Friday, November 7, 2014

Ben Sasse Is Not a "Christian Crusader"

Ben Sasse:  Nebraska's new senator
Paul Putz, a Ph.D student in history at Baylor University, has written a fascinating post at the blog of the American Society of Church History on the religious beliefs of Nebraska's new senator, Ben Sasse. As a Lutheran, Sasse embraces a "two kingdoms" approach to Christianity and culture.  This means that he does not believe that Christians should be trying to "transform" or "redeem" the larger culture through politics or any other means.  

Putz does a really nice of job of showing the theological illiteracy of many in the press who want to paint Sasse as a "Christian crusader." Lutherans (and those of the Reformed persuasion who also hold to this "two kingdoms" model) do not usually engage in the kind of cultural transformation associated with the Christian Right and other Reformed groups. 

I will let Putz explain:

But Sasse’s scholarly contributions are not the only item of interest for ASCH folks. His personal religious views are worth considering, too, since years down the road Sasse may find himself as a subject of study for an enterprising young scholar’s dissertation analyzing conservative Christianity and American politics in the early twenty-first century. Baptized at a Missouri Synod Lutheran church (LCMS) in Plainview, Nebraska, Sasse attended an LCMS elementary school in Fremont, Nebraska before moving on to Fremont High School and then to Harvard. After Harvard he became associated with the Alliance of Confessing Evangelicals, served as an editor of Modern Reformation, and co-edited Here We Stand: A Call from Confessing Evangelicals (1996). That background (and Posner’s essay) was enough for an alarmed writer for Salon to declare him a “hardcore member of the Christian right” and a “conservative Christian crusader.” If we take that description at face value, then Sasse (the Lutheran evangelical culture warrior) perfectly symbolizes the LCMS’s turn to the political right and its increasing connection with conservative evangelicalism, a turn described by James Burkee in Power, Politics, and the Missouri Synod: A Conflict that Changed American Christianity (reviewed in the March 2012 issue of Church History).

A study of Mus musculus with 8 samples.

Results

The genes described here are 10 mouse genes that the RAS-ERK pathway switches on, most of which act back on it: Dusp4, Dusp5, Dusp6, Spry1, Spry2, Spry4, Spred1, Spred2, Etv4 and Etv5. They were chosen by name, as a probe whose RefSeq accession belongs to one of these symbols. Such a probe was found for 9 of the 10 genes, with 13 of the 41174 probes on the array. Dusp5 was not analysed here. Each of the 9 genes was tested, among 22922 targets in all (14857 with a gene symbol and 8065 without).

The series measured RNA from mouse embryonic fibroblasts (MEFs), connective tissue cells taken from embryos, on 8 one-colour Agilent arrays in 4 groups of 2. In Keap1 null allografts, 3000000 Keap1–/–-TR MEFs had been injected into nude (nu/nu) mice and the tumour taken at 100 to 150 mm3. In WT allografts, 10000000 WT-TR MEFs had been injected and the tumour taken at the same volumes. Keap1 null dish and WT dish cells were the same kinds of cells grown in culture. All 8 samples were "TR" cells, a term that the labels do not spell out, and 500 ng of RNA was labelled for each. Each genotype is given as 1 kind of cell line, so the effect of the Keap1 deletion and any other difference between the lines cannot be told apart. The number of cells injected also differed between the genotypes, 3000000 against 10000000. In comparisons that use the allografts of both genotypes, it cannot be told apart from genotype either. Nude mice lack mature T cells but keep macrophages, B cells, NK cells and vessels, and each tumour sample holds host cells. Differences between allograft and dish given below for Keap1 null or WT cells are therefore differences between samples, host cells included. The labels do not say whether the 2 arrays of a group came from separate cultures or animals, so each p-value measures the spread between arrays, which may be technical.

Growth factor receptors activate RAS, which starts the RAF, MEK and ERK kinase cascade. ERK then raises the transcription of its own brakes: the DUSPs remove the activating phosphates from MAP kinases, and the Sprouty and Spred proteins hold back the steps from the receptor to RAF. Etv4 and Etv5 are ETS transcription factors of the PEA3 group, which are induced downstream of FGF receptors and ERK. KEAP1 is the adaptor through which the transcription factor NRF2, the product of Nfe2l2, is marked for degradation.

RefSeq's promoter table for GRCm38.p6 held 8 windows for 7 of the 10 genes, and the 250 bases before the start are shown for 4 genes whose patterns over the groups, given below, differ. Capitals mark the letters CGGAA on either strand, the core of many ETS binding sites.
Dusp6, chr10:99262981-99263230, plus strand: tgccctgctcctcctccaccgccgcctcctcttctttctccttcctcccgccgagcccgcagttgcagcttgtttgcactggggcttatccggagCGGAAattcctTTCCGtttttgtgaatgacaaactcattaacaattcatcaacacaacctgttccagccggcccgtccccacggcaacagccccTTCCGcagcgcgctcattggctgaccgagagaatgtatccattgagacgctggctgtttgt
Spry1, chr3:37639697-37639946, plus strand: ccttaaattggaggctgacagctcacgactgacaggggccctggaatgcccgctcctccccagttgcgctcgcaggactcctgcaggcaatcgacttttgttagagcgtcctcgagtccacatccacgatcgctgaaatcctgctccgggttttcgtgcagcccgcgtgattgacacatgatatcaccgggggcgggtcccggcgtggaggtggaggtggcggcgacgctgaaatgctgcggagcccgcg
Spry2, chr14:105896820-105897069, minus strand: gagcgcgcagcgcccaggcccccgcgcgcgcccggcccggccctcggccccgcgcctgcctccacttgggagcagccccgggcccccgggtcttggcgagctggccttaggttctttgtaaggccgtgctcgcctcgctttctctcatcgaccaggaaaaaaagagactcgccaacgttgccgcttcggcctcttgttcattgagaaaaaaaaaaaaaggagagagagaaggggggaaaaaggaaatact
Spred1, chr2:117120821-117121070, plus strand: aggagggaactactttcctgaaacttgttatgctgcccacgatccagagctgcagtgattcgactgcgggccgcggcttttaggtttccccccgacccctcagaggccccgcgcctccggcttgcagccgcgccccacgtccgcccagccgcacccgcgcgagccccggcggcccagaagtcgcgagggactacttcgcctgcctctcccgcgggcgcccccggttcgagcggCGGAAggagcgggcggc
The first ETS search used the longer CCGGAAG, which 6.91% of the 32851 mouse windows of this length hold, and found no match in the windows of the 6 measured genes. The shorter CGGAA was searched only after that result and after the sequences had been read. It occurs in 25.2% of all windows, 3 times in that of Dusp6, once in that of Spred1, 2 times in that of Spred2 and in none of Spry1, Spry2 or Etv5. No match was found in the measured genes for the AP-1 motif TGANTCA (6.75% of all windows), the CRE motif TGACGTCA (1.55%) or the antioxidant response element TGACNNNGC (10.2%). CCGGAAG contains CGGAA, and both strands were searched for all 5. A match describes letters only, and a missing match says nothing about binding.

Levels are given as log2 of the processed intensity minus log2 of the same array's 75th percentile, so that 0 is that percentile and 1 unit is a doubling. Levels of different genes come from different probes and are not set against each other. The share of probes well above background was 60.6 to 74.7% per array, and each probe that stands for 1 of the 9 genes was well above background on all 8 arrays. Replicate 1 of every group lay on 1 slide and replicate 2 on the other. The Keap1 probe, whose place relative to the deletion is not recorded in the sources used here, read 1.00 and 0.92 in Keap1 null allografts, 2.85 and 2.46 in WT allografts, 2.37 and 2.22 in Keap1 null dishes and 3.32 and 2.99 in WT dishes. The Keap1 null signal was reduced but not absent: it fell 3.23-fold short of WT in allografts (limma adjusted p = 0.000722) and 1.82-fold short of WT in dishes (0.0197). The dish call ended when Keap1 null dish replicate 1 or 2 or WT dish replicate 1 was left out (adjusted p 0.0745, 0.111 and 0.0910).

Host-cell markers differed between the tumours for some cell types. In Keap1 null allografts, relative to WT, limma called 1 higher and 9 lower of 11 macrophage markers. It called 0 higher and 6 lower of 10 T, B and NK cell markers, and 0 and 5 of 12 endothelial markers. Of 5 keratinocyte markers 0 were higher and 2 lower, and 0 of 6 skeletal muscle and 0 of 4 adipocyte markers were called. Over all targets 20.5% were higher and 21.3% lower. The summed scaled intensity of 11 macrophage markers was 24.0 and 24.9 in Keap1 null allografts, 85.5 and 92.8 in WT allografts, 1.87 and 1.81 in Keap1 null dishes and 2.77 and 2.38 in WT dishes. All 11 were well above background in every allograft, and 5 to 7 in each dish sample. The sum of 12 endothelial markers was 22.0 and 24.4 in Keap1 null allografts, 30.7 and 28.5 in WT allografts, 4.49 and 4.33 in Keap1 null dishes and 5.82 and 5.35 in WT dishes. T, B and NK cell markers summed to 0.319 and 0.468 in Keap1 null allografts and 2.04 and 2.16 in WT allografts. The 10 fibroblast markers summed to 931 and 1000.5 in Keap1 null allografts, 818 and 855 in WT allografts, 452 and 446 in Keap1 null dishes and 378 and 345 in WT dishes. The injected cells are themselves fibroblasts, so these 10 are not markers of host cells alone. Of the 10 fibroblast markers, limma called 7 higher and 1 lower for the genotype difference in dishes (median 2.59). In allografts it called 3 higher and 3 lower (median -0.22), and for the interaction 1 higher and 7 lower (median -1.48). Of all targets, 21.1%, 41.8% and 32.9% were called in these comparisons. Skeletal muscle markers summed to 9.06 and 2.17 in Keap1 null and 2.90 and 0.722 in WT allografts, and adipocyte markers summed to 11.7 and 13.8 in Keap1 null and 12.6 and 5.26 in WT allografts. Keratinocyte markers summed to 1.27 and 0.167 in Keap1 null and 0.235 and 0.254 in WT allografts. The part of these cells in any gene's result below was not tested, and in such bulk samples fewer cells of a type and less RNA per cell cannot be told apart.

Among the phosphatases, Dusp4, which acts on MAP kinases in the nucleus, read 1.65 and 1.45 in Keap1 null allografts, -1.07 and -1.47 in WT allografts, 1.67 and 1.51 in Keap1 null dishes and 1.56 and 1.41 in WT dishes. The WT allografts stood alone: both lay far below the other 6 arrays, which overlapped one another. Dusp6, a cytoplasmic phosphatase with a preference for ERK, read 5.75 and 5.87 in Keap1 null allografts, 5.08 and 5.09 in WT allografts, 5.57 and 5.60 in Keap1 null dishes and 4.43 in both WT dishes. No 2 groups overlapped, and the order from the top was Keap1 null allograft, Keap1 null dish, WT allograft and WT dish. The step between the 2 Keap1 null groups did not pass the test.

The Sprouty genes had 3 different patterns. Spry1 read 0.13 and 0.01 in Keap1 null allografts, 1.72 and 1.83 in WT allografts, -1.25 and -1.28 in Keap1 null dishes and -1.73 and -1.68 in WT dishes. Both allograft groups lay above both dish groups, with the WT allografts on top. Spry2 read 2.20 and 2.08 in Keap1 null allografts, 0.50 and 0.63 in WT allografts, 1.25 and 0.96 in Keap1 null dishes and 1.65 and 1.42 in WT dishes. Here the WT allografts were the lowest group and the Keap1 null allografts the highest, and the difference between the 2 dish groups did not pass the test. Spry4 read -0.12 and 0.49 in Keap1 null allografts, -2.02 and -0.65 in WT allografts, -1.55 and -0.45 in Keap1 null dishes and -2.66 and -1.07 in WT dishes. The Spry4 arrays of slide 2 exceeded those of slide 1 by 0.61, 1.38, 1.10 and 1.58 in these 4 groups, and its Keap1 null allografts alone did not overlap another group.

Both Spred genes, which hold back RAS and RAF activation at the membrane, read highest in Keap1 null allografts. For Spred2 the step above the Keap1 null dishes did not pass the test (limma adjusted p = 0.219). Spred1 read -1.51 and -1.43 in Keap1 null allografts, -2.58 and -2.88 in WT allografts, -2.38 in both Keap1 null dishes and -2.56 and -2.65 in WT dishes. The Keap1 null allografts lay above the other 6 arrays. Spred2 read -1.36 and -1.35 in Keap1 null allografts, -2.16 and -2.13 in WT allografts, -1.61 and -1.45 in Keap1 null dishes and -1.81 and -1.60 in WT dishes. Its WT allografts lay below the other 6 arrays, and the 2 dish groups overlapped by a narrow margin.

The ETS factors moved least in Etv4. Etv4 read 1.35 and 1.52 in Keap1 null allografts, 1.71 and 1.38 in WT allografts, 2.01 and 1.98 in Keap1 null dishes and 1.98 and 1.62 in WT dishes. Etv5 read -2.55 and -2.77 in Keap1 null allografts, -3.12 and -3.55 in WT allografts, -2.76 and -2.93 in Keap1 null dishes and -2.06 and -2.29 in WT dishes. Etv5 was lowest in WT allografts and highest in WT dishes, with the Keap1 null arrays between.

It seems to me, though, that the story is a bit more complicated. For one, Sasse apparently had a dalliance with Presbyterianism (see page 81), although he is now apparently back within the Lutheran fold. Second, a steady critic of the Christian Right, D.G. Hart, is a friend and supporter of Sasse. Hart (whose book on Calvinism was reviewed in the latest issue of Church History) is adamant that Ben Sasse is a “2K [Two Kingdoms] Reformed Protestant.” That is to say, Sasse believes that “[t]he affairs of the civil and temporal realm are one thing, the politics of God’s kingdom another.” Hart’s claim is supported by Sasse’s connection with other Reformed 2Kers like Michael Horton and R. Scott Clark.
If Sasse is a 2Ker somewhat in the mold of Hart – and nothing from what I’ve seen of his rhetoric indicates otherwise – then the Christian Right’s dreams of Christianizing America and/or restoring America to its Christian roots are not part of Sasse’s vision. This may be a distinction without a difference for some: although Sasse’s rhetoric does not rely on “return America to God” themes, his views on nearly every current political issue line up with those of the Christian Right. But then again, as Daniel Williams and others have shown, this is true for most GOP members. Perhaps we are at the place where any Republican with a well-known affiliation with Christianity is by default considered part of the Christian Right. At any rate, I’m not prepared to offer a definitive statement of categorization – I’ll leave that to the experts, or maybe even someone who actually sits down with Sasse and talks to him about the subject.